The utilization of annual crops for whole plant forage production as a primary feed source for livestock producers in the Lakeland is extensive. From use for silage production to extending the grazing season through swath grazing, annual forages encompass a strong economic impact in the livestock sector.
The most common annual crops for forage production are barley and oats, although the use of triticale for swath grazing has been gaining popularity in some parts of the province. Lesser known crops that can be grown for whole-plant forage include peas.
Regional Annual Cereal Variety Trials
An important aspect of crop production is variety selection and, with new varieties continually becoming available, current and comprehensive forage variety yield and quality data is essential to producers. However, there has been a lack of whole-plant annual forage production information to aid producers in making cropping decisions for forage production. The Annual Forage Trials (AFTs) began at LARA in 2008 with the purpose of comparing annual forage crops for whole-plant production when considering both yield and quality.
The inclusion of peas into the production of an annual cereal crop can provide multiple benefits to producers. Fertilizer costs could be reduced due to the ability of peas to fix nitrogen, which could also impact overall soil fertility. Peas have a high protein content and will therefore add protein to the overall forage quality. As well, the inclusion of peas can reduce pressure from grassy weeds. The Forage Pea Trials to look at multiple aspects of pea-cereal agronomy to improve both economics and production.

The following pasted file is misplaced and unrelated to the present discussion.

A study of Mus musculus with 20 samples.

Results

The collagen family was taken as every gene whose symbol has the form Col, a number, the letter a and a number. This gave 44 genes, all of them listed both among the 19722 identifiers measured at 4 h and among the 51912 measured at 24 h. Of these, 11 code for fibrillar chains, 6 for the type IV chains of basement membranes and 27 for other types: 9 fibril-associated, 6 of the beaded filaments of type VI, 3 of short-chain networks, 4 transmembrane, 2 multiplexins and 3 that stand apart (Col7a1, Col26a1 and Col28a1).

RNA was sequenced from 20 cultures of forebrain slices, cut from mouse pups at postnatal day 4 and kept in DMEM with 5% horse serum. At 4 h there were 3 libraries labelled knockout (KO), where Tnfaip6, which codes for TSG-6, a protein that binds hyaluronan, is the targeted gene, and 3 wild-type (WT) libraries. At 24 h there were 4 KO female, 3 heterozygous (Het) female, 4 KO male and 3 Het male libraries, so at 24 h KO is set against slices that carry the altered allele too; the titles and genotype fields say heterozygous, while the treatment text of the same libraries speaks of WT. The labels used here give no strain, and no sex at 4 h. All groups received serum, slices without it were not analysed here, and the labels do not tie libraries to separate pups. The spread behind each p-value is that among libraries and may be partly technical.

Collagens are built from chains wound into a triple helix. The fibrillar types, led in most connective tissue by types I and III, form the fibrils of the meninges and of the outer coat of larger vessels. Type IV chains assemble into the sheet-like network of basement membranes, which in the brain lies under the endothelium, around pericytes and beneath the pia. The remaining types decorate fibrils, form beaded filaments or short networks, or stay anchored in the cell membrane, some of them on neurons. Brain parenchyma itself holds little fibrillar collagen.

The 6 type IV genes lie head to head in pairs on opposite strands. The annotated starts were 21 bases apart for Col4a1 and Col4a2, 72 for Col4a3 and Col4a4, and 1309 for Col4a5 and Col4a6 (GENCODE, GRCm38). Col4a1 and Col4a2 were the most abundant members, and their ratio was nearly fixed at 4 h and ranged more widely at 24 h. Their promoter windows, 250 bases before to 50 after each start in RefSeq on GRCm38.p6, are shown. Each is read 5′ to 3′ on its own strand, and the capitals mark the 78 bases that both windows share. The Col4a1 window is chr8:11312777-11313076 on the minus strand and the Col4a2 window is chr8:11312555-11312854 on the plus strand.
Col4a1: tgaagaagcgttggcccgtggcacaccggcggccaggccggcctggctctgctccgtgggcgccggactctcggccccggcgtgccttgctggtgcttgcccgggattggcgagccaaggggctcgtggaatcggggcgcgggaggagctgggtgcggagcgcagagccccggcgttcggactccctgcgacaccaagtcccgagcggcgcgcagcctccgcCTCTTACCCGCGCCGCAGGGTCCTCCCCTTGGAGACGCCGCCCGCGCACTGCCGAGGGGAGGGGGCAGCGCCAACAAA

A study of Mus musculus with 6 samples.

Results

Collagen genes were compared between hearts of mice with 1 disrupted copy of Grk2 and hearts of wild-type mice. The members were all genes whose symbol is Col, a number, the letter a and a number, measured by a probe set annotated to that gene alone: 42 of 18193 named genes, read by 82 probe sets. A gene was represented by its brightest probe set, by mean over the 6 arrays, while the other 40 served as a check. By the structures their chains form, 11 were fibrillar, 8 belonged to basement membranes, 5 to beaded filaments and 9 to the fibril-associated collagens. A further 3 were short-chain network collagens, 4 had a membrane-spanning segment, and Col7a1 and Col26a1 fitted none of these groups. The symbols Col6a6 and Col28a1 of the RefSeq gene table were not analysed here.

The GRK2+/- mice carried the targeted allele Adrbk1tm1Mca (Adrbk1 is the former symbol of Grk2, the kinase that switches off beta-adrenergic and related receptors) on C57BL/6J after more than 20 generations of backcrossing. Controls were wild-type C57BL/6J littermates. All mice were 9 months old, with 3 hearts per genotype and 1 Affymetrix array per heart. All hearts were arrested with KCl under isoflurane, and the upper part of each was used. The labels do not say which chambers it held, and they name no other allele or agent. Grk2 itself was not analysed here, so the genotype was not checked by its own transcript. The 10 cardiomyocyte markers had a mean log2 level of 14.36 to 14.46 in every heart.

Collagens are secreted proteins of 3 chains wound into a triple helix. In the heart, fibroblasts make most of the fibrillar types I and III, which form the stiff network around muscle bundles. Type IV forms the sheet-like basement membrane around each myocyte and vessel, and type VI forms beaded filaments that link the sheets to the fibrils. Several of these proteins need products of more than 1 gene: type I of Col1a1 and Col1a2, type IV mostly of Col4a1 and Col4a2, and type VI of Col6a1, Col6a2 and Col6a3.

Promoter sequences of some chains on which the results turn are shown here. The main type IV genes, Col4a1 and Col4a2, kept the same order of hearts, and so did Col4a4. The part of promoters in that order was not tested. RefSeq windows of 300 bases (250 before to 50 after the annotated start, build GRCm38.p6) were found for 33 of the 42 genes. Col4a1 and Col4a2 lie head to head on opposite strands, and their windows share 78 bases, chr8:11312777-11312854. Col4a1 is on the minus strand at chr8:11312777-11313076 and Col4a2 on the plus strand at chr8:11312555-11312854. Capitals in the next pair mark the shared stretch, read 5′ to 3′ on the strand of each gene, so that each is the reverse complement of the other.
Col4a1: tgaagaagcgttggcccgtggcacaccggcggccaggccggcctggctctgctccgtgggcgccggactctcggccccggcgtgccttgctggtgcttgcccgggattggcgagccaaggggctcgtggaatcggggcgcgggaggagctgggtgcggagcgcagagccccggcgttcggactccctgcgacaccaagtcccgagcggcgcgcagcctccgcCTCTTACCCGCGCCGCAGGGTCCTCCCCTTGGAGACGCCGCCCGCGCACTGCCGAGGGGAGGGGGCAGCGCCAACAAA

Although cereals and pulses are the commonly utilized annual crops for whole-plant forage production, there has been increasing interest in alternative forages to provide a possibility for silage and greenfeed as well as possible extended grazing options. To determine the suitability of multiple alternative crops for use as livestock feed, LARA conducts demonstration plots.
Cocktail Cover Crops for Livestock Feed
Cocktail cover crops have been gaining in popularity in recent years, with the acres seeded in Alberta slowly increasing. These crops can be an important tool for producers to generate benefits on farm such as improved soil health, weed suppression, insect management and forage production for livestock feed. Producers have many different options to choose from when it comes to cocktail cover crop species and each species has different abilities to provide depending on root and plant structure and physiology.